Okanagan cherries enter the Japanese market

The 40 year long goal of the B.C. Cherry Association was accomplished with a brown sugar test

Coveted Okanagan cherries will soon be sold in Japanese stores, accomplishing an almost 40-year goal of the B.C. Cherry Association.

A new way of testing to see if pests, larvae or little worms are being shipped along with the cherries was the key to procuring the trade deal with the Japanese market.

The president of the B.C. Cherry Association, Sukhpaul Bal, said Canadian Food Inspection Agency specialists will conduct controlled brown sugar tests where several samples are crushed and put into a bucket with brown sugar and water. After 10 minutes if there are worms or larva in the cherries they will float to the surface.

“It’s a rigorous process to make sure the fruit is safe, the Japanese inspector came in early August and approved of it,” Bal said.

The short cherry season has raised demand in a global market according to Bal, and in Asia, the red fruit has become highly sought after.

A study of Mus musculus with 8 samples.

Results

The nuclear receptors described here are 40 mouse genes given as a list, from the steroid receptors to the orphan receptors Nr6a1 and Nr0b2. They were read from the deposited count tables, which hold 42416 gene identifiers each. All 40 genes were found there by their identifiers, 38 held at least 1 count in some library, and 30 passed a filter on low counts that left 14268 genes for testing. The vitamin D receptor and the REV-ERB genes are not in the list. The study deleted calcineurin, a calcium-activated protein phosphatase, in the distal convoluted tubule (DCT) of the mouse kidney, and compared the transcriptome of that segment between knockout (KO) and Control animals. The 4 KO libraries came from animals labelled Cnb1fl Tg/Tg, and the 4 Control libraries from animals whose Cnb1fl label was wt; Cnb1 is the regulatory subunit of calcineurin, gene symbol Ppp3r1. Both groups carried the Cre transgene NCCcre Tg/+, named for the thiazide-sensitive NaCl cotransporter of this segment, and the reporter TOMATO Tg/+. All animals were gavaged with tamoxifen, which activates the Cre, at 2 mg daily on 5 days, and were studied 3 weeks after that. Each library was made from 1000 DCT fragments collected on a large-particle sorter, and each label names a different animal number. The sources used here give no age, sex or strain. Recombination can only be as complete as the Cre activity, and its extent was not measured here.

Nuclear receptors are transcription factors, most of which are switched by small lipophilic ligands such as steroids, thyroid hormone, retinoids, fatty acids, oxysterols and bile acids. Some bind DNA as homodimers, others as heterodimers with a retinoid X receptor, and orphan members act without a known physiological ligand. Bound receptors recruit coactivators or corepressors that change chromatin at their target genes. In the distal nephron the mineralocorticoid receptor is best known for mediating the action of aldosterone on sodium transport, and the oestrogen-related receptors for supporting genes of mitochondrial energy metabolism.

“With all the uncertainty in our relationship with the U.S. right now, (we’re) looking at more options and different markets, and to Asia where our cherries are very sought after, it’s a good situation for our growers to be in,” Bal said. “A lot of people are looking for our product and wanting it.”

Minister of Agriculture and Agri-Food Lawrence MacAulay, along with MP for Kelowna-Lake Country Stephen Fuhr, announced last week the federal government has secured market access for B.C. fresh cherry to Japan, according to a government news release. In 2017, Japan imported more than $62.7 million of fresh cherries from around the world.

Related: B.C. cherries to be sold in Japan

Building on Canada’s efforts to deepen its trade relationships and commitment to creating new export opportunities, this market access marks a key deliverable from the minister’s recent trade mission to Japan in March 2018. This is one of many opportunities that will help Canada to reach the target of $75 billion in annual agri-food exports by 2025, the release said.

Once the Comprehensive and Progressive Agreement for Trans-Pacific Partnership enters into force, Canadian agriculture and agri-food exports will benefit from preferential access to key Asian markets, including Japan. Through the CPTPP, Japan’s tariffs of 8.5 per cent on fresh cherries will be eliminated over 5 years from entry into force, the release said.